Monday, August 30, 2010

Dos and Don'ts for a successful homeschool experience #8

The following DOs and DON'Ts for a successful homeschool experience are being presented in a series to allow for digestion and discussion. After homeschooling/unschooling my own children for over 22 years I've discovered what worked and what didn't work for us was universal. Feel free to add your comments and concerns or ask questions.

#8 DO become an advocate for homeschooling and unschooling. As a parent you will always be your child's best advocate. This includes advocating for your child whether they participate in group sports, family activities, clubs, summer camp, relationships and even at the doctor's office. In order to become a strong homeschooling parent who is able to provide the environment and opportunities where your child can learn in freedom, you need to know as much about homeschooling as you can. Read books on the subject. Talk with veteran homeschoolers. Learn the homeschooling laws in ALL the states because our borders are not invisible when dealing with school officials and the laws vary from one extreme to the other in each state. This way you can inform friends and family members, including those out of state, about your rights and possibly their rights too. It may dawn on them that they too have unalienable rights as parents and they too need to become stronger advocates for their own children. The more people you empower around you the easier it will be for you to homeschool in peace. The more you know about homeschooling, its history, its benefits and its outcome the stronger an advocate you'll become, not only for your child but for your constitutional rights as well.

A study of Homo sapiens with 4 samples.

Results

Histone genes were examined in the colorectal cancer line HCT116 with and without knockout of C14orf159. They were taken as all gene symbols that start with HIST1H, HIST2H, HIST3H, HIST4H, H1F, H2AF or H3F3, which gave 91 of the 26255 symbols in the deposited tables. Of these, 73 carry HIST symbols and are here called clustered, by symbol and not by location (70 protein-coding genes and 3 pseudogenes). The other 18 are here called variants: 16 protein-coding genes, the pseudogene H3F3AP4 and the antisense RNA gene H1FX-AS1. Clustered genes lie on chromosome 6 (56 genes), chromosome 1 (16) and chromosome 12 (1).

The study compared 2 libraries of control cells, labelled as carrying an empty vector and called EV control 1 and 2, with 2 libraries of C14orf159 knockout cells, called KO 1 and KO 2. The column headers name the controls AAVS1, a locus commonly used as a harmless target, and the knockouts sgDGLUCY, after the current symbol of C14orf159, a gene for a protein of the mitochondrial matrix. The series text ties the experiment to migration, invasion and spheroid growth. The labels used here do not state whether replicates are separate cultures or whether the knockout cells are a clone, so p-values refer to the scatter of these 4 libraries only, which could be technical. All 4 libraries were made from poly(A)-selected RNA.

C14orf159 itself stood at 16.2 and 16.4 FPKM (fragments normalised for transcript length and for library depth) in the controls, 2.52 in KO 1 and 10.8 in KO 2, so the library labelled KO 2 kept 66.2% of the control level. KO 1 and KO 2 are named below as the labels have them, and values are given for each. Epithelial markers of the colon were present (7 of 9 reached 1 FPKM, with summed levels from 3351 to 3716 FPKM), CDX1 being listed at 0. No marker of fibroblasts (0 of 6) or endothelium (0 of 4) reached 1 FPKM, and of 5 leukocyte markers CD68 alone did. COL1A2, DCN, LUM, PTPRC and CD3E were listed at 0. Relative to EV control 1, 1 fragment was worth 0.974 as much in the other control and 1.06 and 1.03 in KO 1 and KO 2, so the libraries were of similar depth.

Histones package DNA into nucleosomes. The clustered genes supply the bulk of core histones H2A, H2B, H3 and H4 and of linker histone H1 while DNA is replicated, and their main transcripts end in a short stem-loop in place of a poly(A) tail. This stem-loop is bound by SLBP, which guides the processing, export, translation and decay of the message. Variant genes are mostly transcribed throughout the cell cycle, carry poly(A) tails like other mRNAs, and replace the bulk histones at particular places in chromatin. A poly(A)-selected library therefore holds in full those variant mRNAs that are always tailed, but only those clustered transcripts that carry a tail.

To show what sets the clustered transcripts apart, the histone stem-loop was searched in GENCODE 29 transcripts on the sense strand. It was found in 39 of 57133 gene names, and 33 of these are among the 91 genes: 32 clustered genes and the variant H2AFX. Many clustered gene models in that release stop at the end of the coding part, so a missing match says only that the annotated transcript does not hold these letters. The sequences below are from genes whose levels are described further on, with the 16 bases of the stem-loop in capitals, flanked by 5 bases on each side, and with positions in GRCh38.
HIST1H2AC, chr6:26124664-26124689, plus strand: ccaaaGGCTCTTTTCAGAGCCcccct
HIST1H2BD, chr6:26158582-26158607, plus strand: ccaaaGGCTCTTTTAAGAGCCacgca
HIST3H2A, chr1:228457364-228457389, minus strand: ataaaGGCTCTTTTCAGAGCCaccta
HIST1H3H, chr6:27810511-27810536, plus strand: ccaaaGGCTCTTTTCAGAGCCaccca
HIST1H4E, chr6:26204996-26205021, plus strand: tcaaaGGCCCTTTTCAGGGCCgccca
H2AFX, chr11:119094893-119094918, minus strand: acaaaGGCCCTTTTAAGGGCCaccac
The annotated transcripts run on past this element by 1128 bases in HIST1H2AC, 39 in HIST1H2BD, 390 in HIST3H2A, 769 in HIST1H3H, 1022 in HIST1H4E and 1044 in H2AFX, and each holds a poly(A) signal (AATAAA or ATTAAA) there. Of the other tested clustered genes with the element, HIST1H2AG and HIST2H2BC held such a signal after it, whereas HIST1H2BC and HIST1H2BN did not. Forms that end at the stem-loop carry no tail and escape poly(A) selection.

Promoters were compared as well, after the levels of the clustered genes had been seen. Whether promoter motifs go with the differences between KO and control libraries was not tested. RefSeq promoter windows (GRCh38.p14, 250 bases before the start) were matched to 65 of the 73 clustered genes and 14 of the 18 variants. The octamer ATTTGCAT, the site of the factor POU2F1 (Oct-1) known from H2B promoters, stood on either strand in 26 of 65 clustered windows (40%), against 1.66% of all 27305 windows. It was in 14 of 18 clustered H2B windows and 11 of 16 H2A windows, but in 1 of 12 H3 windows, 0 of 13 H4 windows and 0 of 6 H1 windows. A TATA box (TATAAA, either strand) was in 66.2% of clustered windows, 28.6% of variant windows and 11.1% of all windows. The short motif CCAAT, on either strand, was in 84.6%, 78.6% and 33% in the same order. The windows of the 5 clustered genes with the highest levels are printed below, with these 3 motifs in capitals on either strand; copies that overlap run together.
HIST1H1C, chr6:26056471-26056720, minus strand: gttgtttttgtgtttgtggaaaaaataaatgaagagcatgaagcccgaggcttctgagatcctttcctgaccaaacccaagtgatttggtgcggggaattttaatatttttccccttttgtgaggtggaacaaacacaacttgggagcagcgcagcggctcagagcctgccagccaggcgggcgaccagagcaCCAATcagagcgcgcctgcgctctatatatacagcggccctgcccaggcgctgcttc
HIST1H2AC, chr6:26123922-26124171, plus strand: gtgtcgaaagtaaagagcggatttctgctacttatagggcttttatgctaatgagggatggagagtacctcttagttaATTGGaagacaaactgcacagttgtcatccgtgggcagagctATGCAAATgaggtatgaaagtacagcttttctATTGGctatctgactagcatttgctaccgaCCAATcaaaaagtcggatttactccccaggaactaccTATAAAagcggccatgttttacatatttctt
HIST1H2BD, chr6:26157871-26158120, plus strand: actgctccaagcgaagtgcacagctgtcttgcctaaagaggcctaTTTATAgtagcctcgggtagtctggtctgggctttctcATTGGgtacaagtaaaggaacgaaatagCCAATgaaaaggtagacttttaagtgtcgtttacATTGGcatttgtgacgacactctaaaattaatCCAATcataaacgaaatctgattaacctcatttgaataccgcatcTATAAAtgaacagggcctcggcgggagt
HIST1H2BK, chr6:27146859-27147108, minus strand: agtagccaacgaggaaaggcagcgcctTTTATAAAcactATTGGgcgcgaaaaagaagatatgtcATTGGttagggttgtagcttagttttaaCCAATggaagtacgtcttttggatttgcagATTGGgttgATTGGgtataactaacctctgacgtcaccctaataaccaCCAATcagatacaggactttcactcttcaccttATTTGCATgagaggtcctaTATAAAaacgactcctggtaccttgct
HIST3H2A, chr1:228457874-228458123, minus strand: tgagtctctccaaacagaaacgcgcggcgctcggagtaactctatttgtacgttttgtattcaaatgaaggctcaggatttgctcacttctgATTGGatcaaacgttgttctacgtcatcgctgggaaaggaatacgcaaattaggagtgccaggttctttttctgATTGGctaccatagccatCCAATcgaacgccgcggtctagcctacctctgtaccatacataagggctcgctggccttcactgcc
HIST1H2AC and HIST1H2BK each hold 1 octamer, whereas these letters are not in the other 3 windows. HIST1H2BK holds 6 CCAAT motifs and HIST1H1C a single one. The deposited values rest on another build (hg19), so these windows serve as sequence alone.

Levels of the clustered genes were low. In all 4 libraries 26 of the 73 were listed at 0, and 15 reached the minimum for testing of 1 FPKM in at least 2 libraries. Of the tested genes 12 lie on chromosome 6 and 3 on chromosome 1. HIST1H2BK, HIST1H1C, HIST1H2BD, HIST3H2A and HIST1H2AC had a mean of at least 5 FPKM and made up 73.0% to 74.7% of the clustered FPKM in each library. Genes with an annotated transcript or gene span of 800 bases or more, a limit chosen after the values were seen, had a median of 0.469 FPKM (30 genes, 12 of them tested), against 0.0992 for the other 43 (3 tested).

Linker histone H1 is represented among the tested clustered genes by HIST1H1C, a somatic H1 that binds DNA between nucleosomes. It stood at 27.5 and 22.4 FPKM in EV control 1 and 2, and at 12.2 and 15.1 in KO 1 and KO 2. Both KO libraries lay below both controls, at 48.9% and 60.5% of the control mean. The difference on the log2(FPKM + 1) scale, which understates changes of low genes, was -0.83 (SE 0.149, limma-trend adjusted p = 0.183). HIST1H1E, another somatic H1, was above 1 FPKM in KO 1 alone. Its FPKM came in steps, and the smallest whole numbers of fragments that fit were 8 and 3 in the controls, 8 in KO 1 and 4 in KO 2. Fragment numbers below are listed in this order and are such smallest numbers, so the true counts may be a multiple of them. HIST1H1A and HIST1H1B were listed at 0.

#8 DON'T hang out with other people who are not like-minded about child rearing and homeschooling. It is never a good thing to waste time arguing, pleading or trying to convince the naysayers that your decision to homeschool was made with the best intentions and you are determined to see it through. Find others who support that decision and actively help you accomplish your homeschooling goals. Even if close family members, at the very least, are not willing to encourage you then it may be time to put some distance between you and them. Family members cannot be expected to praise your efforts when many times even the parent will not see the fruits of their homeschooling labor until their child is older and shows noticeable progress. We discovered a great way to gauge whether our homeschooling journey was succeeding or not was to visit grandma's house when all the cousins came to visit. Our children stood out with better manners, the ability to talk in depth with the various generations about more meaningful subjects, and their presence was by far more calm than their schooled cousins. You don't need an organized support group but what you do need is just a few friends and family members who actively engage in your homeschooling endeavors with encouragement or hands-on participation. Remember, it works both ways so if grandma wants to be a part of your homeschool success story then let her bring her expertise and experience to the mix. She'll be happy to pass on her information and your child will bridge the generation gap with a new found interest and respect for a beloved grandmother.